Most of us would agree that movies are a great conversation starter. We often resort to it when striking up a conversation with friends or even someone we have met recently. Movies are also a great to-go-to on a night-in with friends or alone. But did you know, movies are not just an entertainer, but also beneficial for our overall health?
Sounds off, right?
Since our childhood, we have been told, and science proves that excessive screentime is detrimental to our brain structure and impacts our cognitive abilities such as memory and focus. However, as it turns out, the same is not the case with movies. Some studies show that watching movies can make you more productive and help with your mental wellbeing. A study conducted by researchers at University College London and Vue Cinema found that people who watched movies experienced improved mental focus and fixation towards the movie. This focused watching (according to the study) helps to improve cognition and memory. Another study has also highlighted that liking trash films is linked to a high level of intellectual intelligence.
Keyvan Sarkhosh, a researcher at the Max Planck Institute for Empirical Aesthetics, says, "to such viewers, trash films appear as an interesting and welcome deviation from the mainstream fare. We are dealing here with an audience with above-average education, which one could describe as 'cultural omnivores'. Such viewers are interested in a broad spectrum of art and media across the traditional boundaries of high and popular culture." Keyvan has conducted similar studies and found that people who watch horror movies have above-average intelligence.
Basis these studies, The Bridge Chronicle explored various other benefits of watching movies:
Watching movies makes you more empathetic and strengthen relationships:
Have you ever felt a character in a film was exactly like you or very similar to you? Maybe it is something about their personality or the portrayal of a character. However, this association also impacts individuals on an emotional level. Studies suggest that watching movies can increase our emotional intelligence and also help in improving social connectivity. A study conducted by psychologists at Oklahoma University studied the relation between fictional drama and emotions. For the purpose of the study, the subjects were divided into two groups. One group was shown fictional dramas or documentaries. While the other group was asked to either watch documentaries or nothing at all. These groups then underwent reading the eyes in the mind test. According to the results of the test, researchers found a consistency in the feelings of the participants who watched the fictional drama.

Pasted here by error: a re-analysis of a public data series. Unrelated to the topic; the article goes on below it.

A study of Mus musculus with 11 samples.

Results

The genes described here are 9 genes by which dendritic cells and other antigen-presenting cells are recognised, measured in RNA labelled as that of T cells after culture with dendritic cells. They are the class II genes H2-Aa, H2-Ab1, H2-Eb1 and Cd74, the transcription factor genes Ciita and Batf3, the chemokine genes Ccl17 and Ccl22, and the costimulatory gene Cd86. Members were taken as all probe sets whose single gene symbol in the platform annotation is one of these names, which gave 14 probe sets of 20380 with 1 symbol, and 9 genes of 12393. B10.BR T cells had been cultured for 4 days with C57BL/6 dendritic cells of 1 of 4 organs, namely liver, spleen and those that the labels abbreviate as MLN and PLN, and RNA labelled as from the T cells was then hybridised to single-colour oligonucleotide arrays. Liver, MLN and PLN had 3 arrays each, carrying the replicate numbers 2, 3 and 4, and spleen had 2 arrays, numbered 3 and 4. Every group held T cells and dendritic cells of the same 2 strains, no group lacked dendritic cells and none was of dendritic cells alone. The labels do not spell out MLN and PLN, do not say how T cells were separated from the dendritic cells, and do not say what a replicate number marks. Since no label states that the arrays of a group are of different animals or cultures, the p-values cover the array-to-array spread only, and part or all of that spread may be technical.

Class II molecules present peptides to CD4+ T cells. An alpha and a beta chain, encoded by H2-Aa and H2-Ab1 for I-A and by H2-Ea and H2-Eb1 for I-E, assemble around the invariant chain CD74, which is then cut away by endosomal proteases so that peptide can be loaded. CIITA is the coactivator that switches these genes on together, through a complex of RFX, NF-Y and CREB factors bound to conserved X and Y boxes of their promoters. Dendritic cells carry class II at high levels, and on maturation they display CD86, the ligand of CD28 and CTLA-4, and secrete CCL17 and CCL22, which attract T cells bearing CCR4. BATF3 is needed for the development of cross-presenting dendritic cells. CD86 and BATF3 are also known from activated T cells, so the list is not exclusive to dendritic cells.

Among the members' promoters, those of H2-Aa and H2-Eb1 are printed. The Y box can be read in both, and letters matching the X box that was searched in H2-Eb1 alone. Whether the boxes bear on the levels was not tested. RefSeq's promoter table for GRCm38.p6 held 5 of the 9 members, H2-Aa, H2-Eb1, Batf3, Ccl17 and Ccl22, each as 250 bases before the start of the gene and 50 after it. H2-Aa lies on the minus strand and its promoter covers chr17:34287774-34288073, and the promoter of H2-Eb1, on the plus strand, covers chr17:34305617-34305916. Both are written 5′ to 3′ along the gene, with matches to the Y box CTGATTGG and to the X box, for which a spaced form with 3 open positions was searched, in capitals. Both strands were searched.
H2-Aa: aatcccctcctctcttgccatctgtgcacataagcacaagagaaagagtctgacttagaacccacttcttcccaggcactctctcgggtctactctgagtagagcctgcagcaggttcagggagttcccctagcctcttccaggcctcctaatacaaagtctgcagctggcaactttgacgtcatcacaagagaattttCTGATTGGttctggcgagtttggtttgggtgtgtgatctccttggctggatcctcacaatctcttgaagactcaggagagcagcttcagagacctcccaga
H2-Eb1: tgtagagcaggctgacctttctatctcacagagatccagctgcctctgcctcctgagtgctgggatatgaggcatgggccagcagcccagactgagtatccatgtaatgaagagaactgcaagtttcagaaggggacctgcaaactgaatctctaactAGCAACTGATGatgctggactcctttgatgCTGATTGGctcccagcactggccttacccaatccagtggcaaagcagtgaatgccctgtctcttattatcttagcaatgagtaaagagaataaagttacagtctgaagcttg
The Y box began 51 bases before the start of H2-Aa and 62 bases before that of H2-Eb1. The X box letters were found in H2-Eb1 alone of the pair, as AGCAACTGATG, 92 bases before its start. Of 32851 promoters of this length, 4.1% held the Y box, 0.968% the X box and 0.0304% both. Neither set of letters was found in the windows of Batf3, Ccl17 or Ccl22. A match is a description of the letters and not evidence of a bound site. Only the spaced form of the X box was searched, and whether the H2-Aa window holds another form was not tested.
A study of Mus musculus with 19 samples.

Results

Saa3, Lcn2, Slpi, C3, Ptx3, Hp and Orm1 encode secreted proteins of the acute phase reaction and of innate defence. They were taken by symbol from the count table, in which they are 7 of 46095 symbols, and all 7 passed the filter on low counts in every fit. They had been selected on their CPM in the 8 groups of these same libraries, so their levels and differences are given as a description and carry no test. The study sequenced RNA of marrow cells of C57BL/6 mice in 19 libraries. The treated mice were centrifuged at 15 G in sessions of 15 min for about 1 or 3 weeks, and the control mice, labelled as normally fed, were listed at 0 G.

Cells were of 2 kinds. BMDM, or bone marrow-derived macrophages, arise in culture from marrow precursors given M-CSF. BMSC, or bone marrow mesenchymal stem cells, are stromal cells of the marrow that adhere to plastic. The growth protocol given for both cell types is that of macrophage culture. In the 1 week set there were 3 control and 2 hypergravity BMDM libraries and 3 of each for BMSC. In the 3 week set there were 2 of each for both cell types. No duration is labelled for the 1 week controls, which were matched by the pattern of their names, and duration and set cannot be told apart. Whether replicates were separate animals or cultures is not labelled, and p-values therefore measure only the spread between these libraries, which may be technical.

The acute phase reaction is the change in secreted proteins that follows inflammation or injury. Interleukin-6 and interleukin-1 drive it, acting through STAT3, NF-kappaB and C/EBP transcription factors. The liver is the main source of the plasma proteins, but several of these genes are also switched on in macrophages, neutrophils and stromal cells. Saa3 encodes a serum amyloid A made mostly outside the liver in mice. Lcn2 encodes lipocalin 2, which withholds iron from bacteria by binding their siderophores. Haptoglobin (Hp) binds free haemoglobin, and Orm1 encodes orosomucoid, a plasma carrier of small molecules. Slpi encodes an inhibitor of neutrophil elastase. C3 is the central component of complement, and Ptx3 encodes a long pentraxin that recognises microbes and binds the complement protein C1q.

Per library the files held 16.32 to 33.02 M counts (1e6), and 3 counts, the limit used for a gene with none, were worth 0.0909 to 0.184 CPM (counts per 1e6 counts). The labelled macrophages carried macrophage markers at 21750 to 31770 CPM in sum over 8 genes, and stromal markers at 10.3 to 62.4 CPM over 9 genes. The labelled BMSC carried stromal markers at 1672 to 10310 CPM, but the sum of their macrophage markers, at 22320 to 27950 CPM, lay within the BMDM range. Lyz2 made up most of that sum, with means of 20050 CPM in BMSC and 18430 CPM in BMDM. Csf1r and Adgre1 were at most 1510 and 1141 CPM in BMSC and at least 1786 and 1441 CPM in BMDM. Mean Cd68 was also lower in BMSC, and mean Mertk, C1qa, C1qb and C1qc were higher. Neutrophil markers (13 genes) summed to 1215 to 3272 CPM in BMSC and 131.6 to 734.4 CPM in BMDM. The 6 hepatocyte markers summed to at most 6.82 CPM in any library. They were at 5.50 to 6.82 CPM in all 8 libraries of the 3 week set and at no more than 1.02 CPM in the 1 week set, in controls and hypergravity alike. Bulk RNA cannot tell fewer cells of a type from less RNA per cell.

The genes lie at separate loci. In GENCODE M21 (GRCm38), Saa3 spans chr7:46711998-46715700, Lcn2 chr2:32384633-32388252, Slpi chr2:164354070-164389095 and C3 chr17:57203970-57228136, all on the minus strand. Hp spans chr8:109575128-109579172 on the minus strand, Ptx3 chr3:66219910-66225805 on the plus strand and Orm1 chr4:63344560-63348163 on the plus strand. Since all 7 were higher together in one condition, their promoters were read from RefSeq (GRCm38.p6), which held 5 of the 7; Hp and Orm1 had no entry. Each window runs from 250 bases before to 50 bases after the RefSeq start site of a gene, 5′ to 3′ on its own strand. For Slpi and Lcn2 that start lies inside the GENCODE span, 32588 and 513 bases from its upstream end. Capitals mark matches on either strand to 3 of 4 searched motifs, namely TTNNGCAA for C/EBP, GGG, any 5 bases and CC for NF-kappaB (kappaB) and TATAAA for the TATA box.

Movies can boost mood and improve mental health:
Imagine you have had a really hard day at work, and are trying hard to take your mind off a few things. But the problem is that your mind keeps going back to worrying about work. How do you fix it? Watch a movie or Netflix maybe? Psychological research and therapeutic practitioners verify that watching movies is one of the best ways to deal with anxiety or depression. Dr Noah Uhrig, a group leader of a study on similar lines says, "The cinema is a form of social participation with strong egalitarian properties. The costs of attending the cinema are less prohibitive than other forms of cultural consumption such as the symphony, the ballet or the opera. At the same time, cinema attendance is not a wholly low-brow activity as it is also an integral component of an omnivorous leisure portfolio, i.e., those that attend higher cultural activities also attend the cinema."
Sad films can make us happy: It is similar to the effect that sad songs have on our mood, they uplift us and make us feel lighter. Sad music resonates with our feelings helping us find an outlet for them. Similarly, sad movies help us find an outlet for our feelings hence making us feel less sad. However, there hasn't been any study on the same, but studies on the effect of sad music in uplifting moods in people help understand the phenomenon better.
Whether it is thriller, drama, horror or romance — whichever genre that you prefer, now there is proof that movies don't only entertain you but also help your mental wellbeing.